William Kennedy Smith
More Rape Allegations
By late summer, the prosecution brought forth three more women who claimed that William assaulted them. One woman claimed that in 1983 while at a New York City party she met William, a cousin of her boyfriend. Nancy Gibbs stated in her August 1991 Time article that the woman accepted William's offer to sleep at his guesthouse after she had drunk too much at the party and while there, he assaulted her. According to the article, the woman claimed that, "one moment he was standing in front of me, talking with me, saying good night to me... and the next minute he had tackled me onto the bed and was trying to kiss me and had his body completely over mine... and he wouldn't stop." However, she never filed a report with the police after the incident because there were no witnesses and she thought she wouldn't be believed.
A 26-year-old New Jersey medical student also came forward claiming that in May 1988, William raped her at his home after a party in Washington, D.C. The woman didn't tell the authorities what happened because she was afraid of the unwanted publicity since William was a Kennedy. Moreover, she worried that no one would believe her story.
A third woman, a doctor, also came forth and agreed to testify at the upcoming trial, claiming that William attempted to rape her at his Palm Beach, Florida apartment in 1988. Yet, he allegedly let her go after she repeatedly protested. She too failed to alert the authorities as to what happened that night, fearing that she would not be believed. The Kennedy family was just too intimidating to confront.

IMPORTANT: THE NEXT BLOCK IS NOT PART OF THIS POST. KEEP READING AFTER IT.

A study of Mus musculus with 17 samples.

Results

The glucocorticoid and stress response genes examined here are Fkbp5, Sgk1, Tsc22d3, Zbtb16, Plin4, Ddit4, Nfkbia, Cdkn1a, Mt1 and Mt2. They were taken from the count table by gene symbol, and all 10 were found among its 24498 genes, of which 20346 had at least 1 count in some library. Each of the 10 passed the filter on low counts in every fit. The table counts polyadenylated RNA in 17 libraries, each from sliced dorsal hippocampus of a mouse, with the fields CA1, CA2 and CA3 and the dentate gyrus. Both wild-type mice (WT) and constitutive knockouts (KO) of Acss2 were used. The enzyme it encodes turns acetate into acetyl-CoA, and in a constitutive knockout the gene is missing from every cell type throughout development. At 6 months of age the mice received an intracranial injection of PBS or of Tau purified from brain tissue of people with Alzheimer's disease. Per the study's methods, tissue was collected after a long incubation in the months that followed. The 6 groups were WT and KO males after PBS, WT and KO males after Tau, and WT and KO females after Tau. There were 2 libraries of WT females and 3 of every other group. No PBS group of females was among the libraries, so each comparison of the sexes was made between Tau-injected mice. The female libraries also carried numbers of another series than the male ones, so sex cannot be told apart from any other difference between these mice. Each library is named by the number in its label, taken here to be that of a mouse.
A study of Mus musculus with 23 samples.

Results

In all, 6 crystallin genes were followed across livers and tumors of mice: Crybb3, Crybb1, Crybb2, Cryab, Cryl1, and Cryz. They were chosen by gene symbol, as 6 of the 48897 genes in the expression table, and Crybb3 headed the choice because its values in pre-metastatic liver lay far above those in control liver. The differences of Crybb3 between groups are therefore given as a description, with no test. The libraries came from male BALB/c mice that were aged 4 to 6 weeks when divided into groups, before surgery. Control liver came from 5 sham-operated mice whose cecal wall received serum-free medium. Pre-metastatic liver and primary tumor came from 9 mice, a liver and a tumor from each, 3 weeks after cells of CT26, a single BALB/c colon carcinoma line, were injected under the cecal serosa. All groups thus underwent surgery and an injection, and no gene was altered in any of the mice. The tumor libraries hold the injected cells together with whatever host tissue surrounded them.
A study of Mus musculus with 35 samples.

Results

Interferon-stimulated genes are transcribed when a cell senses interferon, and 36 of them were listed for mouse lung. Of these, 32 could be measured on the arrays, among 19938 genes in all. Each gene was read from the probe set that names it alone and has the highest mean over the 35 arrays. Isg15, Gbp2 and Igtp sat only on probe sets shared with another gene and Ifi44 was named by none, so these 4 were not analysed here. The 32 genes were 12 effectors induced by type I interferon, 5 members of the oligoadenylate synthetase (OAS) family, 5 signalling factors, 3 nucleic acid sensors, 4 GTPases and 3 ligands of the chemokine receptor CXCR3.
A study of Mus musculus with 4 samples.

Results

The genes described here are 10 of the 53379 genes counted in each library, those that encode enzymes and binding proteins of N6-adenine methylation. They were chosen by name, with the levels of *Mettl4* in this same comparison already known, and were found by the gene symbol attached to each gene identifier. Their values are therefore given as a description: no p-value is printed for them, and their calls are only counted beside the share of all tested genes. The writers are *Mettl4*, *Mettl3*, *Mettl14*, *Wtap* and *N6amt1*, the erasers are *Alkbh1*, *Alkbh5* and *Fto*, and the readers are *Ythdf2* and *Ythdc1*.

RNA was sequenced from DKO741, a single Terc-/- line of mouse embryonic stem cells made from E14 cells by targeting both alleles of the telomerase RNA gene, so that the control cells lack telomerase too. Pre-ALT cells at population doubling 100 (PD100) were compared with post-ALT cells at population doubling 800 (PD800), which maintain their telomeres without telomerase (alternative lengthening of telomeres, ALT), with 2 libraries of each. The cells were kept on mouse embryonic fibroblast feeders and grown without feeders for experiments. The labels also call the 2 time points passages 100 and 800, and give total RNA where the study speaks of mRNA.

The prosecution team led by attorneys Moira Lasch and David Bludworth wanted to introduce the three women's testimonies at trial, hoping to prove that William had a history of sexual assault. There was no doubt that their testimony would significantly damage his credibility. Realizing the potential harm to their case, the defense team led by attorneys Roy Black and Mark Schnapp filed a motion to prevent the women's testimonies from being heard in court.
Florida law prohibited a defendant's sexual history from being introduced during a trial if two requirements weren't met by the state. According to the defense motion, case no. 91-5482-CF-A-02, the State of Florida v. William Kennedy Smith, the prosecution had to demonstrate that the evidence they were offering was "relevant to prove a material fact in issue" and that the cases were "strikingly similar to the charged offense." Immediately prior to the trial, the defense team, "argued that the three cases did not represent a 'signature style' and that the only real question in the Palm Beach case was whether the women consented or not," Booth reported. If this could be proved, the prosecution wouldn't stand a chance.